New For Fall: Old Is New Again As CBS Revives 'CSI'

CBS is continuing its reliance on the tried-and-true this fall with a revamped, updated version of one of its most storied series, “CSI.”

The new show starts next Wednesday (October 6). Two other such tried-and-true police procedural spinoffs premiered last month, “NCIS: Hawaii” and “FBI: International.”

But the new “CSI” creation -- “CSI: Vegas” -- is the first “CSI” to be made since 2016, the year the short-lived “CSI: Cyber” was canceled after a single season.

Originally titled “CSI: Crime Scene Investigation,” the mothership of the “CSI” franchise aired for 15 seasons from 2000 to 2015. 



Three spinoffs were made from the original -- “CSI: Miami,” “CSI: NY” and “CSI: Cyber” -- none of which are still being made.

This month, however, CBS is seeking to revive the “CSI” world of high-tech forensics labs, and the overly enthusiastic geniuses who inhabit them, with “CSI: Vegas.”

The show is a direct descendant of the original “CSI,” which also focused on the Las Vegas PD’s forensics department, although “Vegas” was not in the show’s title.

This new Vegas-based procedural introduces new characters and brings back some old ones.

The reason why the former CSIs come scurrying back to their old stomping grounds is a contrivance: One of their own was attacked by a would-be assassin and survived, indicating that some violent criminal from a past investigation is back and seeking revenge against the forensic scientists who outsmarted him.

Thus, the story goes, the old CSIs must reunite to solve the case, even if it means stepping on the toes of the current generation of CSI staffers who are also geniuses and seem quite capable of handling the job.

In the real world, the sudden appearance of a group of hotshots who left long ago and are now invading the offices they have not occupied in years would not sit well with the present-day staff of any workplace or office.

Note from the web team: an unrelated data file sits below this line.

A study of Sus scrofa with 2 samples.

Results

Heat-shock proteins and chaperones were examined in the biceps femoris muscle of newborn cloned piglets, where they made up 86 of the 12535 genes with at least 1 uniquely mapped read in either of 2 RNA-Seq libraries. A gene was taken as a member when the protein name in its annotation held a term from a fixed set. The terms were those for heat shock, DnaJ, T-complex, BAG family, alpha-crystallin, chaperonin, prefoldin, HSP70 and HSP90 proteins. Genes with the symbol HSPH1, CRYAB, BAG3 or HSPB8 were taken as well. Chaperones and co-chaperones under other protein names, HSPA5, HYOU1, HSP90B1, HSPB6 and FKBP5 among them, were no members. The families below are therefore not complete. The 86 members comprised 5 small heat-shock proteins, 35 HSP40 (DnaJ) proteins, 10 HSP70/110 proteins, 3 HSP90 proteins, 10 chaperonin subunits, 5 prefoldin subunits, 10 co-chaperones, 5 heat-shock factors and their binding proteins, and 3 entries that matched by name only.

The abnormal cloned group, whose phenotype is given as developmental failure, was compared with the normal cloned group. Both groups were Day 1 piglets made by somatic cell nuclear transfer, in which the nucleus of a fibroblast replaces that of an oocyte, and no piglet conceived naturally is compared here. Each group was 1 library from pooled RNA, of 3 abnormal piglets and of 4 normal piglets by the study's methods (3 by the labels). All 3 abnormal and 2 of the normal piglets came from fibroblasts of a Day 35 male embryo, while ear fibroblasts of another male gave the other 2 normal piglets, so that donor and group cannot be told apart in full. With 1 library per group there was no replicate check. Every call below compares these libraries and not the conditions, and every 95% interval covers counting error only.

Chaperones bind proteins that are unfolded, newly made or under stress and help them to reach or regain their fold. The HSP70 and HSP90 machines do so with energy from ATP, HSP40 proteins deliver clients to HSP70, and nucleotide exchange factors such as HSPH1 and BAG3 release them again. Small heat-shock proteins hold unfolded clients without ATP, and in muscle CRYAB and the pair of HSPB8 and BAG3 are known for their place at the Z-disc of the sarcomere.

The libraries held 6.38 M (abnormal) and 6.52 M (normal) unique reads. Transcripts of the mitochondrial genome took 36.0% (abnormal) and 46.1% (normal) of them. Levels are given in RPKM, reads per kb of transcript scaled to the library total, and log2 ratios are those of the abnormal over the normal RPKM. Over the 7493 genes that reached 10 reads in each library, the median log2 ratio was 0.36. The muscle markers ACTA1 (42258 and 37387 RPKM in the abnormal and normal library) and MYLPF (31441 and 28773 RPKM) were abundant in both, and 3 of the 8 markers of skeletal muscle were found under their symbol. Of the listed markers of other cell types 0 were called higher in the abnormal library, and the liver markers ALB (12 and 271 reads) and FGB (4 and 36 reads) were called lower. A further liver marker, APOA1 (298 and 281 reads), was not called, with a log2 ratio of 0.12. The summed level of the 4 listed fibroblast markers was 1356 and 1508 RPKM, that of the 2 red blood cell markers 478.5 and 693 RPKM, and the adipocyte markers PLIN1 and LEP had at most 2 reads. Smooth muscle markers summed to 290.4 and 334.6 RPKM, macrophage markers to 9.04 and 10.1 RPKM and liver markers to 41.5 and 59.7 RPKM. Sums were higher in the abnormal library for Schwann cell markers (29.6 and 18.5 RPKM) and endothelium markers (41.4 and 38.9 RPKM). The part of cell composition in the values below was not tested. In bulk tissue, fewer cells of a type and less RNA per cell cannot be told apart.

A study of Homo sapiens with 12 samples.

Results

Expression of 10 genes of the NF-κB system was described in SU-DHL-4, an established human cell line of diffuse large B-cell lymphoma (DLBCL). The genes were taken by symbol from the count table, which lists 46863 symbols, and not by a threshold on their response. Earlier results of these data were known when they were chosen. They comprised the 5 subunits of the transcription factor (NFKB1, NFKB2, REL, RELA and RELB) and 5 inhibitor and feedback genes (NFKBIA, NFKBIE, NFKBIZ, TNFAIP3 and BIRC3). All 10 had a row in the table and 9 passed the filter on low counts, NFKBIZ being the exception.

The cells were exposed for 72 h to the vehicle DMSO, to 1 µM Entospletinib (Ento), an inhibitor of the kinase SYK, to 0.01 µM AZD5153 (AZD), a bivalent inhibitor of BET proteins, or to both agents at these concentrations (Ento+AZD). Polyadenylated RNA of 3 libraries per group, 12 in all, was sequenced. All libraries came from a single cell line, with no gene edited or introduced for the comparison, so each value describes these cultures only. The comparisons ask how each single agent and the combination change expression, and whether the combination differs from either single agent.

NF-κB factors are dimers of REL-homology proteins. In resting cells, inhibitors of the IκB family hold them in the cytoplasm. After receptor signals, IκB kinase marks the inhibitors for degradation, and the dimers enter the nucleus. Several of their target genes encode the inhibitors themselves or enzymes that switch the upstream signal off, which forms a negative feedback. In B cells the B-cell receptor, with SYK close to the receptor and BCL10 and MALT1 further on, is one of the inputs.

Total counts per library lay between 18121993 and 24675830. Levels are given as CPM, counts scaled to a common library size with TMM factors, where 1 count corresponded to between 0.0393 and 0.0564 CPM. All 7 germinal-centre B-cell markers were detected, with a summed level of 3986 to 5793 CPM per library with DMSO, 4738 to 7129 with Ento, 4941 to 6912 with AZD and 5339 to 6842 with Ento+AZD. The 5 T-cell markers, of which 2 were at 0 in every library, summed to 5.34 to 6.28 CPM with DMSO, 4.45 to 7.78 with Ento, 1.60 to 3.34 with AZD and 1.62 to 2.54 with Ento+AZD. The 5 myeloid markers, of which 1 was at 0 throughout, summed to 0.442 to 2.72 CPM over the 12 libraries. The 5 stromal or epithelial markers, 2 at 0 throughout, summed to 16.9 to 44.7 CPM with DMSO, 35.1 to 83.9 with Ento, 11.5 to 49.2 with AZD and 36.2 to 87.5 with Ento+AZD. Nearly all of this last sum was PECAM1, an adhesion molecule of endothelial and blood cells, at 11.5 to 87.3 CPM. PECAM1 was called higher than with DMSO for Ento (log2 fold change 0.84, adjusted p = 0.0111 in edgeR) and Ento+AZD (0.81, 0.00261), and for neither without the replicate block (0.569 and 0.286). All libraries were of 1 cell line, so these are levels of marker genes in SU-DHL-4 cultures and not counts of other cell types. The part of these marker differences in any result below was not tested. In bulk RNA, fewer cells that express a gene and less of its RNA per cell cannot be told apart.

But in the premiere episode of “CSI: Vegas” in which this whole set-up gets introduced, everyone involved is all smiles and mutually respectful.

In short, except for the badly mangled bodies of murder victims and other objectionable detritus of brutal violence that are strewn about the place, the LVPD CSI lab is the happiest workplace on Earth.

In fact, sometimes it seems a little too happy. When previewing the premiere episode of “CSI: Vegas” yesterday, I was struck by some of the old show’s characteristics that I found off-putting then, and still do today.

One of them is the cavalier way these scientists joke around, laugh good-naturedly and play lighthearted games of forensic one-upmanship, all while standing over the remains of some poor soul and manhandling his or her internal organs.

The other is the squishy way that the “CSI” shows take the viewer “inside” their investigations, by which I mean an up-close-and-personal tour of the torn innards of murder victims as we follow the slow-motion trajectory of bullets entering bodies, wreaking fatal havoc within them and then exiting. 

This always struck me as gross. And it still does. However, anyone with half a brain (such as yours truly) accepts the fact that millions of people were not similarly repelled by these kinds of scenes. On the contrary, three of the four “CSI” shows were huge hits.

It is for those multitudes that most of the cast of the old “CSI” has been reunited for this new one -- including William Petersen as Gil Grissom (pictured above), Paul Guilfoyle as Capt. Jim Brass, Jorja Fox as Sara Sidle and Wallace Langham as David Hodges.

Missing in action are Marg Helgenberger, whose character of Catherine Willows is said to be away somewhere looking after some grandchildren, and George Eads (who played Nick Stokes) whose whereabouts are not mentioned.

“CSI: Vegas” premieres Wednesday (October 6) at 10 p.m. Eastern on CBS.